Jim's Reviews > The Bloody Shirt: Terror After Appomattox

The Bloody Shirt by Stephen Budiansky
Aug 30, 2008

really liked it
bookshelves: history, non-fiction
Read in November, 2008

I agonized over how I should rate this book. I was a little disappointed with the way that Budiansky organizes his material. I felt that the book would have been a better account (and a better read) if he hadn't tied so much of his narrative to the handful of historical actors on whom he focuses. That said, this book presents a harrowing account of terrorist attacks by Southern whites on black freedmen and their white allies.

Some readers might object to the term "terrorism," but there is no other word that adequately conveys the calculated violence practiced by Southern partisans during the Reconstruction era. Soon after the end of the Civil War, Southern whites sought to reimpose a regime of white rule and black subservience, often amounting to slavery in all but name. All around the South, freed blacks who cooperated with federal authorities, or who were known to support the Republican party, were burned out of their homes or murdered. In some cases, black communities were massacred outright. Too often, federal authorities were too few or not properly empowered to adequately deal with the problem. While the terror was perpetrated by small groups of men, it received widespread support in the Southern states. Often, the leaders of these terrorist groups were also prominent civic leaders and elected officials.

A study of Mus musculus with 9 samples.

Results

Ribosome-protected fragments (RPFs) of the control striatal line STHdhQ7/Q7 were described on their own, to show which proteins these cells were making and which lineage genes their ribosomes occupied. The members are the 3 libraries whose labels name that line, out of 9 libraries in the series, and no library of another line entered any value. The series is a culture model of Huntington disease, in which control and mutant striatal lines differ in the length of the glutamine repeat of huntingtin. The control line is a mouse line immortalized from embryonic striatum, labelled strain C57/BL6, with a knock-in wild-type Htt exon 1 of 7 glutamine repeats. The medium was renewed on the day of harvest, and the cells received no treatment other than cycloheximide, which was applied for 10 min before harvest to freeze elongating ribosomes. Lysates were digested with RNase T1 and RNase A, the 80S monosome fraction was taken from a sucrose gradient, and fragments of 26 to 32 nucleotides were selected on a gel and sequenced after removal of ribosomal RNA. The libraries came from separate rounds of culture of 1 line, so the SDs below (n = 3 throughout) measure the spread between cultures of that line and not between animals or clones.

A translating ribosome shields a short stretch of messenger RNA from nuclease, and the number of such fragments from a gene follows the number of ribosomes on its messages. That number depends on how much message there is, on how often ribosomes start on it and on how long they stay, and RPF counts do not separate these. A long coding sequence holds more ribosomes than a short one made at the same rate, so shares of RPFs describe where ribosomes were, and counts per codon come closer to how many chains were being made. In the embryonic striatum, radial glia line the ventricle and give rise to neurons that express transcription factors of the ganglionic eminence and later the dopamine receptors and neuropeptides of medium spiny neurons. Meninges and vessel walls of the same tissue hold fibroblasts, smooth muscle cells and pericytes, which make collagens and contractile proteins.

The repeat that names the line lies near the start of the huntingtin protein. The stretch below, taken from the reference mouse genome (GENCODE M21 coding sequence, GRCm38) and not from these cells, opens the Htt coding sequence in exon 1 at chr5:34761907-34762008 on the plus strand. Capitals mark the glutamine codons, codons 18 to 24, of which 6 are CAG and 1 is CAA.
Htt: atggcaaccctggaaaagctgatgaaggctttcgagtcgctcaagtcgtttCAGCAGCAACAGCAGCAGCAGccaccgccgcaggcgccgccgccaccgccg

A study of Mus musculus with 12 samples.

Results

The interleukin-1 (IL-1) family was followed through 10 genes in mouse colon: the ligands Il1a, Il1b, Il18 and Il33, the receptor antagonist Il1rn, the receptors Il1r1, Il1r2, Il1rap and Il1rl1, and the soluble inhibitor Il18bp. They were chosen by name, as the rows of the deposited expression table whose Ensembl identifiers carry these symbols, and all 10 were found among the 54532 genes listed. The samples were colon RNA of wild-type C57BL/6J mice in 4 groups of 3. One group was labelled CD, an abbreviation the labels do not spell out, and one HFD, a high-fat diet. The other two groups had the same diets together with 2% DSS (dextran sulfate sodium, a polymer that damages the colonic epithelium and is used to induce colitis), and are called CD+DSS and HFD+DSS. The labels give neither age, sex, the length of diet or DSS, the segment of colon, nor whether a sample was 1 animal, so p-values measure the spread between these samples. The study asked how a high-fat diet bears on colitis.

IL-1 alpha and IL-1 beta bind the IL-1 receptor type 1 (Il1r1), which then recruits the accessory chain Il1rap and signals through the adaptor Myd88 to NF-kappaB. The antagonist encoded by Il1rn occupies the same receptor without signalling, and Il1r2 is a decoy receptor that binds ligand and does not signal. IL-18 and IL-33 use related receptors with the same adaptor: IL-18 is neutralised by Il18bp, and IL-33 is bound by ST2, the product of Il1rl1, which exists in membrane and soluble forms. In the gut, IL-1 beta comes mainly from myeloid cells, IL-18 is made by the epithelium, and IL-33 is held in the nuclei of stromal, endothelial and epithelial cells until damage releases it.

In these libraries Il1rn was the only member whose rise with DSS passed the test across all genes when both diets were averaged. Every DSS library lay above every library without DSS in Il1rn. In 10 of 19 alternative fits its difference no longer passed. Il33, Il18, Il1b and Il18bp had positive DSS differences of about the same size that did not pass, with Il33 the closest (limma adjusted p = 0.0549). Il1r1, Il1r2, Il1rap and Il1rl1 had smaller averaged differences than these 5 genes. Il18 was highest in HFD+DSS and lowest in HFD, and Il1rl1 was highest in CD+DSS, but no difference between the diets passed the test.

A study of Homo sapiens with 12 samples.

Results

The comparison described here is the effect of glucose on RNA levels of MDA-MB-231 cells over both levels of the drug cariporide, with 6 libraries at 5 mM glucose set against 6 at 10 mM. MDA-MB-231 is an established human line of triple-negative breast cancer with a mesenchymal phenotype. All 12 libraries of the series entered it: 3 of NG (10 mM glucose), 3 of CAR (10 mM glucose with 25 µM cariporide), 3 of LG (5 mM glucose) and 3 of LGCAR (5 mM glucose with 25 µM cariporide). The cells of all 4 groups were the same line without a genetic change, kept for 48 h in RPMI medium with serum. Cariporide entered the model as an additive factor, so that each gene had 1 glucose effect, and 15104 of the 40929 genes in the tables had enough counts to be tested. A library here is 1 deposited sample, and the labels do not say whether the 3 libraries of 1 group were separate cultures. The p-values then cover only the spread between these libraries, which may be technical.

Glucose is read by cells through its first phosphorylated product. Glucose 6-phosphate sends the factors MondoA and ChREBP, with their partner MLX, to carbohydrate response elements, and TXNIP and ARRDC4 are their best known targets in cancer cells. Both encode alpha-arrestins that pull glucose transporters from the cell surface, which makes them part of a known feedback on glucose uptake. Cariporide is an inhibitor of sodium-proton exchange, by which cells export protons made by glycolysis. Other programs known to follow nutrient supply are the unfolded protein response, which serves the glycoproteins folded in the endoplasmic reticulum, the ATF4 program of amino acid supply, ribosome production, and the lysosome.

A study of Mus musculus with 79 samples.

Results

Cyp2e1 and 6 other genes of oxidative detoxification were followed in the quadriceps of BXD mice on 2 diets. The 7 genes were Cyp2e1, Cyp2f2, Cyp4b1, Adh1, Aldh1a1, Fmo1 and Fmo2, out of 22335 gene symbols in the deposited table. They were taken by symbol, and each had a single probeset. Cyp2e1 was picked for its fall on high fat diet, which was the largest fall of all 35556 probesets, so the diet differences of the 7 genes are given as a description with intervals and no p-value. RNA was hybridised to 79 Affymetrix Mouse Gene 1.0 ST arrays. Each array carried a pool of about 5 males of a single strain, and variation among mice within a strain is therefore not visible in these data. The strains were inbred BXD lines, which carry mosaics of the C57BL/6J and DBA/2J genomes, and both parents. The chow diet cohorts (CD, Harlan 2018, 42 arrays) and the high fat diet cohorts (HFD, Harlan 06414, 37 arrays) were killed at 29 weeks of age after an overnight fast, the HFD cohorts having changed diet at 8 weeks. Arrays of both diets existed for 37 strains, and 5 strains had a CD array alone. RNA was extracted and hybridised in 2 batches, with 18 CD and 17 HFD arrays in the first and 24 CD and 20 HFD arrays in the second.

Much of this history has been largely ignored in popular histories. The Southern version of history (which is as much mythological as historical) tends to cast the South as a victim of Northern oppression. Any violence on the part of Southerners is generally written off as the unfortunate, but understandable, result of desperation. The freed blacks are portrayed as dupes of Republican radicals. The struggle to extend basic education and political equality to freed blacks is castigated as a plot to break the "bonds of affection" between former slaves and masters. (In other words, only the former masters understood what was "good" for their slaves.)

Unfortunately, even mainstream histories are at least partly informed by this Southern version of myth-history. A case in point is Jay Winik's April 1865. As I have written elsewhere, Winik downplays the full scale of racism and post-war violence to serve his argument. If nothing else, Budiansky's account is a necessary corrective to the "happy ending" approach taken by other historians.